Index of eight core industries slips into negative territory

An index of eight core industries, which captures production in basic industries, declined for the first time in one-and-a-half years sending poor signals of any recovery in the manufacturing sector of the economy.

The index slipped into the negative territory (-) 0.1 per cent in March over the year-ago period after growing 1.4 per cent in February, official government data shows.

The cumulative growth during fiscal year ended March also eased to 3.5 per cent compared with 4.2 per cent in the previous fiscal.

The eight core industries is a lead indicator for industrial production comprising nearly 38 per cent of the weight of items included in the Index of Industrial Production (IIP). The IIP data for February provided evidence that while industrial growth is picking, growth in core industries, which supply crucial inputs to other sectors, remains to be on the downside.

Now with core industrial output slipping into the negative zone, it is to be seen how in-sync is the overall industrial output data.

The government would release IIP figures for March on May 12.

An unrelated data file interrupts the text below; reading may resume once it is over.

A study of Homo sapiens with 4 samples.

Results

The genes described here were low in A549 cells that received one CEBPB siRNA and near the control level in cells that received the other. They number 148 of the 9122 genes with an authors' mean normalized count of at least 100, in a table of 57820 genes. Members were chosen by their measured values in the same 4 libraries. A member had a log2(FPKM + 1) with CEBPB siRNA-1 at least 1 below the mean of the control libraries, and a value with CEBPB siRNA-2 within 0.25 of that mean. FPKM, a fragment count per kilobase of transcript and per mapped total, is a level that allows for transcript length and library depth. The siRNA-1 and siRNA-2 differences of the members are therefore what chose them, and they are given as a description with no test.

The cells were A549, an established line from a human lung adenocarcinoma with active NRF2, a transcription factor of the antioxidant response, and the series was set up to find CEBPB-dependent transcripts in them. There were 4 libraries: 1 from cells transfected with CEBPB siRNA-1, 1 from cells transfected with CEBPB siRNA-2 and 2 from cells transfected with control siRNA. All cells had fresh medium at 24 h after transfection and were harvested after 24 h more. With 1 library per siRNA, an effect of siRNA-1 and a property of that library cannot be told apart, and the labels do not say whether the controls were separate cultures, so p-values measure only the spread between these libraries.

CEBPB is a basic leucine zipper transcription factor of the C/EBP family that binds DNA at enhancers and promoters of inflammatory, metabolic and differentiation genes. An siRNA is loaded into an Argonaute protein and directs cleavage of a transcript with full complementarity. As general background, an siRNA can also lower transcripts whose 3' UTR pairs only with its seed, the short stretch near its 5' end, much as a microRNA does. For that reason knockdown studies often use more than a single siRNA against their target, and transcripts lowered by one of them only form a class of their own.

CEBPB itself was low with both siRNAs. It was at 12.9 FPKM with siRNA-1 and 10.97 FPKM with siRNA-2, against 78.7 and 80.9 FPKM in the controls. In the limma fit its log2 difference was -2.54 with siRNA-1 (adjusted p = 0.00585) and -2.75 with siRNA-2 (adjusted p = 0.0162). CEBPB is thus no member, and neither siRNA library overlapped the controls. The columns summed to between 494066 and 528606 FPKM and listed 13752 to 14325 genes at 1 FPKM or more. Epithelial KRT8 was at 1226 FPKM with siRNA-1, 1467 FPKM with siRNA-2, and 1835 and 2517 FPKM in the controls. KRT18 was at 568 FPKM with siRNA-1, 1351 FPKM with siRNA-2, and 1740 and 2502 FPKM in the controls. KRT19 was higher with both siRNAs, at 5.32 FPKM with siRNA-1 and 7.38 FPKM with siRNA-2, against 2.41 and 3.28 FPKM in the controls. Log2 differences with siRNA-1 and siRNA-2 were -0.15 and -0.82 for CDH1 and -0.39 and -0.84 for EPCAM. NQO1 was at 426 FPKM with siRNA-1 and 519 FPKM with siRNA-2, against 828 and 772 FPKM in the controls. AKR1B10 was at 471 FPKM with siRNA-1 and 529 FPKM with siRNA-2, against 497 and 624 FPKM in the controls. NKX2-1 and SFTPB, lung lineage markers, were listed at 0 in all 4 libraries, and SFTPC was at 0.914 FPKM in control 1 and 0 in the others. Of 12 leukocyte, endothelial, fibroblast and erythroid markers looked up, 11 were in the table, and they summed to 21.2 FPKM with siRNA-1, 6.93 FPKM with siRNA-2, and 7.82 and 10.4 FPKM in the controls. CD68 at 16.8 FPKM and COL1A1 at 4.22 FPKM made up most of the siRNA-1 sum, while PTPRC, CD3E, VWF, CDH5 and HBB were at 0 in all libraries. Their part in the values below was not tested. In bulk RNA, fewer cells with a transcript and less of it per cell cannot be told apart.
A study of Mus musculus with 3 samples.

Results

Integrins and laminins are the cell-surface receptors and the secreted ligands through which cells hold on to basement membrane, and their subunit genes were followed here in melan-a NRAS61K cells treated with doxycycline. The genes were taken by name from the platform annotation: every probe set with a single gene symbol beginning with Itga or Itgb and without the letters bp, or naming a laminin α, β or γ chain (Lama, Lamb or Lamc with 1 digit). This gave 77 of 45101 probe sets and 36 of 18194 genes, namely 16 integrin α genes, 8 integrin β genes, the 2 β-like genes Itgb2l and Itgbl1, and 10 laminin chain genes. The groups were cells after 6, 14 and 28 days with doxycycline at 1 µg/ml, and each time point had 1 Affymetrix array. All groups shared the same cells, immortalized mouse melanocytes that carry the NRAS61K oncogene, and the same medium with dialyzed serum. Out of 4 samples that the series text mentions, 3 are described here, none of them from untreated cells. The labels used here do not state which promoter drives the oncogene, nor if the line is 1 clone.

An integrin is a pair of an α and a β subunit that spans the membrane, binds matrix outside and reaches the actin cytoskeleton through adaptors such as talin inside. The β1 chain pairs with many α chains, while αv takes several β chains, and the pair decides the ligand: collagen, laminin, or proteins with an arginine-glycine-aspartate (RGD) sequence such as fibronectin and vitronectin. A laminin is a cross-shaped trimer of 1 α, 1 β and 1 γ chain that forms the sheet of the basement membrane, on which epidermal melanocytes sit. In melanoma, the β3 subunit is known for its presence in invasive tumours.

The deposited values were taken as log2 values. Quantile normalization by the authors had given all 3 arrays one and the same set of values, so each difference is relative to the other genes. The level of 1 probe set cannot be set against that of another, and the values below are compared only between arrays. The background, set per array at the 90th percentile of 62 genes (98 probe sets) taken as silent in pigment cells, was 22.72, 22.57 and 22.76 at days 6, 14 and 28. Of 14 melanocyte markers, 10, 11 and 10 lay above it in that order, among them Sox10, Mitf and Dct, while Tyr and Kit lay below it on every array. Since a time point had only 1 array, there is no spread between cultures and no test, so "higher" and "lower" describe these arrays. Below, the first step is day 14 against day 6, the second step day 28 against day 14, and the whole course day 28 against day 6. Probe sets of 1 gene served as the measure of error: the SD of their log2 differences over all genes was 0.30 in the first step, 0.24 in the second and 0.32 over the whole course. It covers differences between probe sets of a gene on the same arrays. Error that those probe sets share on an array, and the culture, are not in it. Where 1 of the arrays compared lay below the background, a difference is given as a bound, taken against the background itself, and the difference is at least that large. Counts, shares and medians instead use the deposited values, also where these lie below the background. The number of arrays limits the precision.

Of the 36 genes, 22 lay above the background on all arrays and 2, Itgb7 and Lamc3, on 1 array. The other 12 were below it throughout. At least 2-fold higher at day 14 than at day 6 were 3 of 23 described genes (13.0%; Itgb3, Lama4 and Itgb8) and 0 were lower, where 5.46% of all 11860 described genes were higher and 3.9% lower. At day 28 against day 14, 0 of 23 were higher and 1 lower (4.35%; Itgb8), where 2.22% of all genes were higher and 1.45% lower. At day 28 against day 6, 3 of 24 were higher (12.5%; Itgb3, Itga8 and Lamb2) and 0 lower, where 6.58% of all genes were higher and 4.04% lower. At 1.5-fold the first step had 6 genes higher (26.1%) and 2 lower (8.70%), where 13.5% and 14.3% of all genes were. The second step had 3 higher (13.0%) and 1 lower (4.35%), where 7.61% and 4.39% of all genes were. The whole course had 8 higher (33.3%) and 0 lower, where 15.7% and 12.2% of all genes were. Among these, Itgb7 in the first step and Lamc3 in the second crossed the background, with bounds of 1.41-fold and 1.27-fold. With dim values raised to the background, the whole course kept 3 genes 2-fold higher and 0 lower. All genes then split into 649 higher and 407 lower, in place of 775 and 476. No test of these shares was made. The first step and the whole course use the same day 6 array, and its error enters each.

Sectoral composition

The survey shows that four of the eight core industries contracted last month. Of the eight sectors—coal, natural gas, petroleum refinery, fertilisers, steel, cement, electricity and crude oil—cement contracted the most (4.2 per cent) to its lowest level in 52 months or over four years.

Electricity generation, which has the highest weight of 10.32 per cent, increased by 1.7 per cent and registered a cumulative growth of 8 per cent for the last fiscal as a whole. Steel industry, which has the second highest weight, contracted by 4.4 per cent for the month.

Latest figures of the core industries present a growing divergence between industrial output data and the GDP.

RBI's technical advisory committee in its meeting early this month had noted: "Unlike the new GDP, IIP data seem to be in sync with other key indicators such as credit growth and auto sales.”

“The stagnation in core sector output and contraction in merchandise trade are expected to outweigh the mild up-tick in automobile production in March 2015, leading us to expect a moderation in industrial growth from the three-month high 5 per cent in February 2015," said Aditi Nayar, senior economist at rating agency ICRA Ltd.

"While capital goods output witnessed a ~10 per cent expansion in January-February 2015, boosted by the sharp rise in output of a few sub-components, we remain unconvinced regarding the sustainability of the same, as a broad-based revival in investment activity is yet to take root," she added.

On the other hand a report released a fortnight ago by private research firm Zyfin indicated that the business cycle is healing faster and the IIP is set to expand further for the next two months. The Zyfin business cycle indicator which is a gauge of industrial activity increased 10.6 per cent over the same period last year.